9 June 2014 

Ted-O'Leary-photo

It is with great sadness that we have learned of the sudden and premature passing of Ted O’Leary. With this, we have lost a true scholar and a very kind man. Our thoughts are with his wife Catherine, his daughters Susan and Jill, and their partners.

Ted O’Leary was Professor of Accounting, University of Manchester, since 2001. He was also Adjunct Professor of Accounting, University of Michigan, since 2002.  Prior to that, he was Associate Professor of Accounting, National University of Ireland, Cork, from 1991 to 2001, and Assistant Professor of Accountancy, University of Illinois, 1986 to 1991. Ted was a Fellow of the Institute of Chartered Accountants, Ireland, he gained an MBA from University of Dublin (Trinity College) in 1975, and a PhD from the University of Warwick in 1983. He was a visitor at London Business School, 1982-3, where he met his long-term collaborator Peter Miller.

Ted helped transform the discipline of accounting, and he did so from his unusual dual positions which straddled the Atlantic. He achieved this in part through analysing it as an organisational and social practice. But he did so also by the very high standards he brought to fieldwork. His assiduous attention to detail resulted in a number of landmark papers, in journals as diverse as Accounting, Organizations and Society, Cultural Values, the Journal of Accounting Research, Science in Context, and the Academy of Management Review.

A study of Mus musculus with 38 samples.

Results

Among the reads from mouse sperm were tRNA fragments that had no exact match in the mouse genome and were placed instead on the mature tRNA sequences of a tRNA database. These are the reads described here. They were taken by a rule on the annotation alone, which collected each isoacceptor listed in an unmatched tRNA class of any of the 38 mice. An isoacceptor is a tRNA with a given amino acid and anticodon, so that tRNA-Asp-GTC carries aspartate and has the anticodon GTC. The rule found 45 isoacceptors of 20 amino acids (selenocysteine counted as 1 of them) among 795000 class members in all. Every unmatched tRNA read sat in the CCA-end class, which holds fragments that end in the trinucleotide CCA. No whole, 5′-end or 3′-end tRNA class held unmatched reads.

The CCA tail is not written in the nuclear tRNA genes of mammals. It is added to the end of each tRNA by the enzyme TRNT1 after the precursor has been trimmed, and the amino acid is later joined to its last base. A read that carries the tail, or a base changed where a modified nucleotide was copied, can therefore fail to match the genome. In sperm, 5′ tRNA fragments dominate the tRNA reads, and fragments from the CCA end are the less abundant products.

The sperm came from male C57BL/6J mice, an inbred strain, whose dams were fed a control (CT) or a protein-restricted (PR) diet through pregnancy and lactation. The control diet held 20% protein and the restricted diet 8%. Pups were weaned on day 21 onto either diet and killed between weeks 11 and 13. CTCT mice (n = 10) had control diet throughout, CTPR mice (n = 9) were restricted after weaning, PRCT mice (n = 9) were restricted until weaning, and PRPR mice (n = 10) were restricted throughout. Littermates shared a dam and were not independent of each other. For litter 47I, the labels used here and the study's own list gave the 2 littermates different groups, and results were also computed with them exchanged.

Ted looked at accounting from both the inside and the outside. From the inside, he was genuinely interested in managers and management. He focused on how things worked and were made operational in managerial worlds, long before something called ‘practice theory’ became fashionable. Yet, as an outsider, he was also far from being merely descriptive and a slave to the categories and discourses of practice.  Indeed, he paid meticulous attention to how accounting interacted with other disciplines, whether engineering, organisation design, or microelectronics, and had a keen sense of organisational and practical complexity in contrast to the usual tropes of management knowledge.

Ted will be deeply and sorely missed, by his family and close friends, and by many that will be touched by his passing. He will be missed too for the gentle persistence and collegiality he continued to bring to the academy, at a time when such values are being eroded.